NEW YORK (Washington Post) - Her secret to beating Serena Williams two years ago at the US Open was that Karolina Pliskova felt free, which is perhaps the best and most improbable mindset there is when you're plonked in the middle of 24,000-seat Arthur Ashe Stadium with a then 22-time Grand Slam champion staring back across the net.
Pliskova had arrived in New York practically unknown except to tennis insiders when she beat Williams in the semi-finals at Billie Jean King National Tennis Centre in 2016.
The 24-year-old had six WTA Tour titles to her name but little Grand Slam success; she began the tournament as the only top 20 player in the draw who hadn't yet made it to the fourth round of a major tournament.
She won with a powerful combination of freedom from the burden of expectation and confidence that came from 10 consecutive victories leading into that match. Her serve helped too.
"I really was feeling great that year. I'm feeling great now, too, but it was a little bit different story, 2016," Pliskova said Sunday (Sept 2).
"I was the dark horse, nobody was expecting me to get that far. But I just went on the court just to get the win - it was not for me just to go and enjoy, or just to go and do some games against her.
"That's why I won, because I believed I had a chance. I have a game to beat her. That's what I would like to do if she's there this time, too."
Pliskova became a member of the illustrious club of 10 women, only three of whom are still active, who have ever defeated Williams at the US Open that day, joining names such as Clijsters, Henin, Capriati, Davenport and the other Williams.
Because Williams skipped last year's tournament in New York, Pliskova is also the six-time champion's most recent loss.
Tuesday in the quarter-finals, they're due for a rematch. The Czech beat Australia's Ashleigh Barty 6-4, 6-4 and Williams beat Kaia Kanepi 6-0, 4-6, 6-3 to set it up.
This time Pliskova won't be the dark horse. Although she still doesn't have a Grand Slam title to her name - the US Open final 2016 that she lost to Angelique Kerber is still her best result at a Major - she owns 10 WTA titles and is ranked No. 8 in the world. She hasn't dropped a set yet this tournament.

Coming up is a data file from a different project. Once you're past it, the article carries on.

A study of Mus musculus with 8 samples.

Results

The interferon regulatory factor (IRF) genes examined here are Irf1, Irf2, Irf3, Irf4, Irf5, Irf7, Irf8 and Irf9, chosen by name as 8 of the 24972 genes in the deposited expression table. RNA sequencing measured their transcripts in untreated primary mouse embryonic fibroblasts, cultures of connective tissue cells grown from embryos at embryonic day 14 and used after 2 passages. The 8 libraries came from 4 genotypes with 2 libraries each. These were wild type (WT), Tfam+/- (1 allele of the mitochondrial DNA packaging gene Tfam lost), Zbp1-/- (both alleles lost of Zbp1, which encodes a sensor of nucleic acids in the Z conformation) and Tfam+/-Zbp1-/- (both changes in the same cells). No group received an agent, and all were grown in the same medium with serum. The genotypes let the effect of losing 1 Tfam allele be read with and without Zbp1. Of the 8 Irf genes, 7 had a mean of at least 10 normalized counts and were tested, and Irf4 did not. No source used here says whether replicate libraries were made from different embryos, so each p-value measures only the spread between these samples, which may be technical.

"It will be, for me, a dream to play again on Arthur Ashe, and to play Serena, because obviously last match we played, I won. Since then, we didn't play. A lot of things happen between," Pliskova said.
"I just feel like I'm handling those situations much better. I know how it is to be in the final, actually in the second week of Grand Slams. So that's what makes me confident that I can do it again."
The Czech will be running into a woman on a roll Tuesday. Williams continued with the nearly flawless tennis she displayed in the third round against her sister in the first set Sunday against Kanepi, the woman who upset the No. 1 player in the world Simona Halep on the first day of the tournament.
Her level dropped in the second set but she let out a booming "Come on!" after winning the first game in the third and cruised from there. She finished with 47 winners to Kanepi's 22 and served 18 aces, booking her 10th consecutive trip to the quarter-finals at Flushing Meadows along the way.
When asked if Williams was playing as well as 33-year-old Kanepi had ever seen, the Estonian's response was simple."Yeah," she said. "(Her serve) today, it was unreturnable."
In the women's draw, Anastasija Sevastova to the quarter-finals with a 6-3, 1-6, 6-1 win over Elina Svitolina. Sloane Stephens became the fourth woman through to the quarters with a 6-3, 6-3 rout of No. 15 seed Elise Mertens.
In Williams' previous match against her sister, the 36-year-old displayed a kind of mental toughness tennis fans hadn't yet seen since Williams returned to the tour after giving birth - the US Open is just her seventh event back.
On Sunday, she showed progress again. The second set against Kanepi is the first Williams has lost in this US Open, and the effort it took to raise her level back to be in shape to win the third set so assertively was impressive. She both made tactical adjustments and simply out-hit the big-swinging Estonian.
Even after her time away, Williams' power still can't be matched on court.
"It wasn't easy, obviously, but I think one thing she did well was change her strategy and started doing just completely a different game and gave me a different look to her game," Williams said. "I definitely think it was more tactical and, I don't know, physical, I guess."
Williams has been watching Pliskova since they last played and noted her impressive forehand and dangerous serve as her greatest weapons.
"She was No.1 last year," Williams said, "I think she got there for a reason."